Daylight SavingsComments Off on Daylight Savings
It’s that time of year again to Spring ahead one hour. Even though our brain knows the time on the clock has changed, our bodies internal clock does not. When the clocks move ahead in the Spring, you are robbed one hour of sleep. Here are some helpful tips to help you deal with that change.
- Gradually transition into the time change – go to bed 15 minutes early, starting several days before the time change
- Give yourself a sleep break after the time change – if you feel sleepy, take a 30 minute nap in the afternoon
- Know how much sleep you need – find your ideal number of sleep by, sleeping without an alarm on the weekend and see when you wake
- Keep regular sleep hours – go to bed and wake up the same time each day
- Get some exercise during the day – try for 30 minutes of moderate exercise three times a week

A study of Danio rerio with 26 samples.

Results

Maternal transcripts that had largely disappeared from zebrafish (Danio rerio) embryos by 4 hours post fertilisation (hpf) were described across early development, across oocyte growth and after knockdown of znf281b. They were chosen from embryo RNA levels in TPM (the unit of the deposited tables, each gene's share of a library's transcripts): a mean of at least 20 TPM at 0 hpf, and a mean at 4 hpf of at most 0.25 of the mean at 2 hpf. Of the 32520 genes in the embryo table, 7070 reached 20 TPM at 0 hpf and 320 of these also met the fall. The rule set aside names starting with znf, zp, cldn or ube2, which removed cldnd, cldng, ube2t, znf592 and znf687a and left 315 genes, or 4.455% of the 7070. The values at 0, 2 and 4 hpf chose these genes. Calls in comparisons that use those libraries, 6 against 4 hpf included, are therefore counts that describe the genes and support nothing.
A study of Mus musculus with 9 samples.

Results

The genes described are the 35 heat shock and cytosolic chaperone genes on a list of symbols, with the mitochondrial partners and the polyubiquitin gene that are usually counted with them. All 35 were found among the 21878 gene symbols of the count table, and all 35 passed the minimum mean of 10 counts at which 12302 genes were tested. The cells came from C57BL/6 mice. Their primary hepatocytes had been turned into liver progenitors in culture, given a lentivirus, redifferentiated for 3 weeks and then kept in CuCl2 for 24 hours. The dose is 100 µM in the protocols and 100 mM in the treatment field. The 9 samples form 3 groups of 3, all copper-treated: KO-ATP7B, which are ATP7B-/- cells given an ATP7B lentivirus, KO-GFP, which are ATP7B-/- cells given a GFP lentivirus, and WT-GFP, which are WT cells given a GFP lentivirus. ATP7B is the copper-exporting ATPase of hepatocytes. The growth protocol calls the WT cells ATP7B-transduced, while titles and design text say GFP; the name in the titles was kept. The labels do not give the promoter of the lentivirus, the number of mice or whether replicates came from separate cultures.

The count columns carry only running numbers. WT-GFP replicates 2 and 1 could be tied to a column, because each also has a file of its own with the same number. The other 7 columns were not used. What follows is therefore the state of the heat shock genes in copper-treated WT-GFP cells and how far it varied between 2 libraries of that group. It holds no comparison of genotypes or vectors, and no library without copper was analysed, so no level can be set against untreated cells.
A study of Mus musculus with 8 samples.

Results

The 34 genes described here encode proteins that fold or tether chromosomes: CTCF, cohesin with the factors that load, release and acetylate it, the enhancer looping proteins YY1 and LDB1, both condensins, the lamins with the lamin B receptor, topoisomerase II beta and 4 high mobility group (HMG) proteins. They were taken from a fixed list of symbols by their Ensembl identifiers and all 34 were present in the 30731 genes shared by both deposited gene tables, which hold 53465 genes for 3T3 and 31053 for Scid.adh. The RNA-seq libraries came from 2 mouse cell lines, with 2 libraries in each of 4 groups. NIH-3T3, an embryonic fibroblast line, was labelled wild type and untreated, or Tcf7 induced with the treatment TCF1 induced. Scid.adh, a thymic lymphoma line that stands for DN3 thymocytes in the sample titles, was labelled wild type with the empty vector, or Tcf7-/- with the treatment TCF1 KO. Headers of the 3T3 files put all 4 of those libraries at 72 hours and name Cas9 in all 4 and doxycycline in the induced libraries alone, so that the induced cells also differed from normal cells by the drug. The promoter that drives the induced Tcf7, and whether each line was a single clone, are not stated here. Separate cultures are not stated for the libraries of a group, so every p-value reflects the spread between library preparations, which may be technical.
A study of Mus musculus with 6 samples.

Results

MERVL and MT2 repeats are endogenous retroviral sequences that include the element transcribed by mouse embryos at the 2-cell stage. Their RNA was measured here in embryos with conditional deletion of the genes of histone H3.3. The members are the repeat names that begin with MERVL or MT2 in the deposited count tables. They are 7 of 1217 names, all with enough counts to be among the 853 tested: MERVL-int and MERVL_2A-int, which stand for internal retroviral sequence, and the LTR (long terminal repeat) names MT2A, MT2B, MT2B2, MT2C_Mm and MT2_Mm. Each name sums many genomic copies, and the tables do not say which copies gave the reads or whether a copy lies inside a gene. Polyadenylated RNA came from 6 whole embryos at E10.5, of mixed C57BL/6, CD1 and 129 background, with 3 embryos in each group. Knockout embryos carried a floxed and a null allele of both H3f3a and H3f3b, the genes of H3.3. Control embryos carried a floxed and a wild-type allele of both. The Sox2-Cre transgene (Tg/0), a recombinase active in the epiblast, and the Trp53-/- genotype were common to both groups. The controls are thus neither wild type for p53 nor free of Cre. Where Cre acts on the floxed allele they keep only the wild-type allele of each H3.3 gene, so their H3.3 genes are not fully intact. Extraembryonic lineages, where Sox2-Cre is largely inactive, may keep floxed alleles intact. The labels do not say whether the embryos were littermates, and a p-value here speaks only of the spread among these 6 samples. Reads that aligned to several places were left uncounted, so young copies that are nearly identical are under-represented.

- Avoid caffeine and alcohol before bed – alcohol and caffeine can interfere with sleeping
- Relax before bed – create a bedtime ritual that is relaxing
If you think you are having a hard time with the time change, your children are too. The loss of sleep is even tougher on children. There are things you can do to also help your children with the time change as well.
- Take baby steps – before the time change, take several nights and put the children to bed 15 minutes early, in 15 minutes intervals and wake them up earlier
- Control the lights – dimming the lights and turning off electronics 30 minutes before bed
- Stick with a routine – before bed routines helps keep your children on a schedule
- Get enough sleep – make sure that every night your children are getting the amount of sleep he/she needs
With Daylight Savings, brings longer days and shorter nights. By following some of these tips, it might be a little easier on yourself and children when it comes to the time change and loss of sleep.